Business Week Index: The Week Ahead

      Tuesday, June 13, 8:30 a.m. -- Retail sales probably rose 0.5% in May, says the 
      median forecast of economists surveyed by MMS International, one of the 
      McGraw-Hill Cos. That's suggested by the rebound in motor vehicles sales and 
      the positive reports from major retailers. In April, sales took an unexpected 
      drop of 0.4%, as purchases of durable goods fell 1.5%.
      Tuesday, June 13, 8:30 a.m. -- Consumer prices likely grew by 0.3% in May, 
      after increasing 0.4% in April. Transportation costs--from auto-financing 
      charges to airline tickets--were up strongly in March and April, but their 
      gains probably moderated in May. Excluding food and energy, May core prices are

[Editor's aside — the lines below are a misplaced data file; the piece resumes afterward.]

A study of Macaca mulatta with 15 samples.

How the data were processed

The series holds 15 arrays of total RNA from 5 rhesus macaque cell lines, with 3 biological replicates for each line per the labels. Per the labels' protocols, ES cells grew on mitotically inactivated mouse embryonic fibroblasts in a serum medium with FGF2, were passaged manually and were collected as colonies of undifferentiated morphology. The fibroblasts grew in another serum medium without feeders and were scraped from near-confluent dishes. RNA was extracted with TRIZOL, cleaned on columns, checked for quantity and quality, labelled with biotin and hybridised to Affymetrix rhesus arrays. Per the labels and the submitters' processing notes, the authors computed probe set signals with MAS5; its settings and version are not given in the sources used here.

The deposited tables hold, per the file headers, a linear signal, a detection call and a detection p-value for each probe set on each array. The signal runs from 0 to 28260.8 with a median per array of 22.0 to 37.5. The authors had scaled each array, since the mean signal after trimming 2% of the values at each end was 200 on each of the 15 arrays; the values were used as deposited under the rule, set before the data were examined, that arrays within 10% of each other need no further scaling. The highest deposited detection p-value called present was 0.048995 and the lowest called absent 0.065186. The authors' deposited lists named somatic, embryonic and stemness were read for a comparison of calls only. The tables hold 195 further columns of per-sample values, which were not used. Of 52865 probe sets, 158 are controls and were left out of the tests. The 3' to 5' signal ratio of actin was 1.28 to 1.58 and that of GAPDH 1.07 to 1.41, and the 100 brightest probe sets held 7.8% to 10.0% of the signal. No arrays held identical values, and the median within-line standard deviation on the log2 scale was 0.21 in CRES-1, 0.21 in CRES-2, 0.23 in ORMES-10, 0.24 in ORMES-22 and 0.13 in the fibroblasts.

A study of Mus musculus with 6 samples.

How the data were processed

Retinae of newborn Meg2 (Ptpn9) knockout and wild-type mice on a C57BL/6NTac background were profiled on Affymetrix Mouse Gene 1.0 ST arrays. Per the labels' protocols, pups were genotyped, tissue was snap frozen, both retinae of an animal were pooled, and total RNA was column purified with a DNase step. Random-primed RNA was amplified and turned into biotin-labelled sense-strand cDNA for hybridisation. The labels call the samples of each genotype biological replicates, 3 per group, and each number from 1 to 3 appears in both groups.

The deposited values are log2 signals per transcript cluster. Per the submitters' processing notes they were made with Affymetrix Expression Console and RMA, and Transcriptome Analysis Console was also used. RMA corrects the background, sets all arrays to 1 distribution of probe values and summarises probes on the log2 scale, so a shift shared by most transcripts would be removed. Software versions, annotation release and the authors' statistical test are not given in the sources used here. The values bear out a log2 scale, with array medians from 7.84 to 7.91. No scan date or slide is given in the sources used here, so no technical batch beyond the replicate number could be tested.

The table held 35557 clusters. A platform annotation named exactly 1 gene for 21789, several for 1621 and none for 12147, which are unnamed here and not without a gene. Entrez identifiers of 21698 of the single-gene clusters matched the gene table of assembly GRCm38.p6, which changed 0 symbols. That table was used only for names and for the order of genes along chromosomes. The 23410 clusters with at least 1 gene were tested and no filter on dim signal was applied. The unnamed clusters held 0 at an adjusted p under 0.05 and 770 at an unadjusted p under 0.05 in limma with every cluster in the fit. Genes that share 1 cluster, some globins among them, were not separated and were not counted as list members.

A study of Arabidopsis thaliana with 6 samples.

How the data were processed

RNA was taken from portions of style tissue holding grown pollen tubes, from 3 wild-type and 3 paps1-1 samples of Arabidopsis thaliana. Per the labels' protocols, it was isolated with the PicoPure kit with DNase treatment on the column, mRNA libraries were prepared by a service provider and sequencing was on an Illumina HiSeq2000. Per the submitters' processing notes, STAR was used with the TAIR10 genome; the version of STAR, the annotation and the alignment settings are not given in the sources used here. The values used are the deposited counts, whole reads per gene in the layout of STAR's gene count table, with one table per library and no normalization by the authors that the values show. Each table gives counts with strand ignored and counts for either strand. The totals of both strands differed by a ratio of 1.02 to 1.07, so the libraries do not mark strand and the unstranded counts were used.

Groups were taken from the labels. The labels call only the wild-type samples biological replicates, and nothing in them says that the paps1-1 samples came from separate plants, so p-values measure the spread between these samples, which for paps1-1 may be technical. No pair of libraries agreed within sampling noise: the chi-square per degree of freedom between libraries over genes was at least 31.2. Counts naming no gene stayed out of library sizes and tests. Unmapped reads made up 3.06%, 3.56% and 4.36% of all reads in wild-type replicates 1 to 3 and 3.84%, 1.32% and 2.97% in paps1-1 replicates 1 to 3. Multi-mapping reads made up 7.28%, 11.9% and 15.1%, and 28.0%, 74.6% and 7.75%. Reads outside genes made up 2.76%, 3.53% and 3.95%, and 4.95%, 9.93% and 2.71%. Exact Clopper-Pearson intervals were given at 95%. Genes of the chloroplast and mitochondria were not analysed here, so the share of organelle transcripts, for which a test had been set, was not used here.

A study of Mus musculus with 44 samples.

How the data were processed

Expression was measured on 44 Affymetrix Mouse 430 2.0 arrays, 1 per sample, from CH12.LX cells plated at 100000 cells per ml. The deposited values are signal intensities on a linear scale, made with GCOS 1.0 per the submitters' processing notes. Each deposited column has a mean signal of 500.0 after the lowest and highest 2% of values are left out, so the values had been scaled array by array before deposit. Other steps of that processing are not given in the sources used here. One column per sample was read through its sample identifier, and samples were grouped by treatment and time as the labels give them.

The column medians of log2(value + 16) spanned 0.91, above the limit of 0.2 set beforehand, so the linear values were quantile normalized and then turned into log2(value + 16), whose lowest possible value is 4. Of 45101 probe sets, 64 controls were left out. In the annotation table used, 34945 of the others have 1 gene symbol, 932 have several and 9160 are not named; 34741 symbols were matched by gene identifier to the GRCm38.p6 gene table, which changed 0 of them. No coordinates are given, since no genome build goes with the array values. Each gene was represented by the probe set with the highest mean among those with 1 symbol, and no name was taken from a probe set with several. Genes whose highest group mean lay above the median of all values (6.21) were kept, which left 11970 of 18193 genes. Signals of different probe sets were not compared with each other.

also expected to rise 0.3%, after a 0.4% advance in April.
      Wednesday, June 14, 10 a.m. -- Inventories at manufacturers, wholesalers, and 
      retailers likely grew 0.7% in April, the same hefty increase as in March. 
      Factories and wholesalers have already reported large rises in their stock 
      levels. The expected increase suggests that businesses have not adjusted their 
      inventories to fall into better alignment with sales. Indeed, business sales 
      probably fell by 0.6% in April, after no change in March.
      Thursday, June 15, 9:15 a.m. -- Output at factories, mines, and utilities 
      probably fell another steep 0.4% in May, on top of a 0.3% drop in April. That's 
      suggested by the decline in factory jobs and overtime. Auto makers are leading 
      the cutbacks in spring production. Motor vehicle output alone fell 4.3% in 
      April. Given the output drop, the average capacity utilization rate for all 
      industry likely dipped to 83.7% in May, from 84.1%. With production dropping 
      off so fiercely, economists are predicting little growth in the second quarter. 
      The MMS survey shows a median forecast of only 1% growth in the real gross 
      domestic product in the second quarter.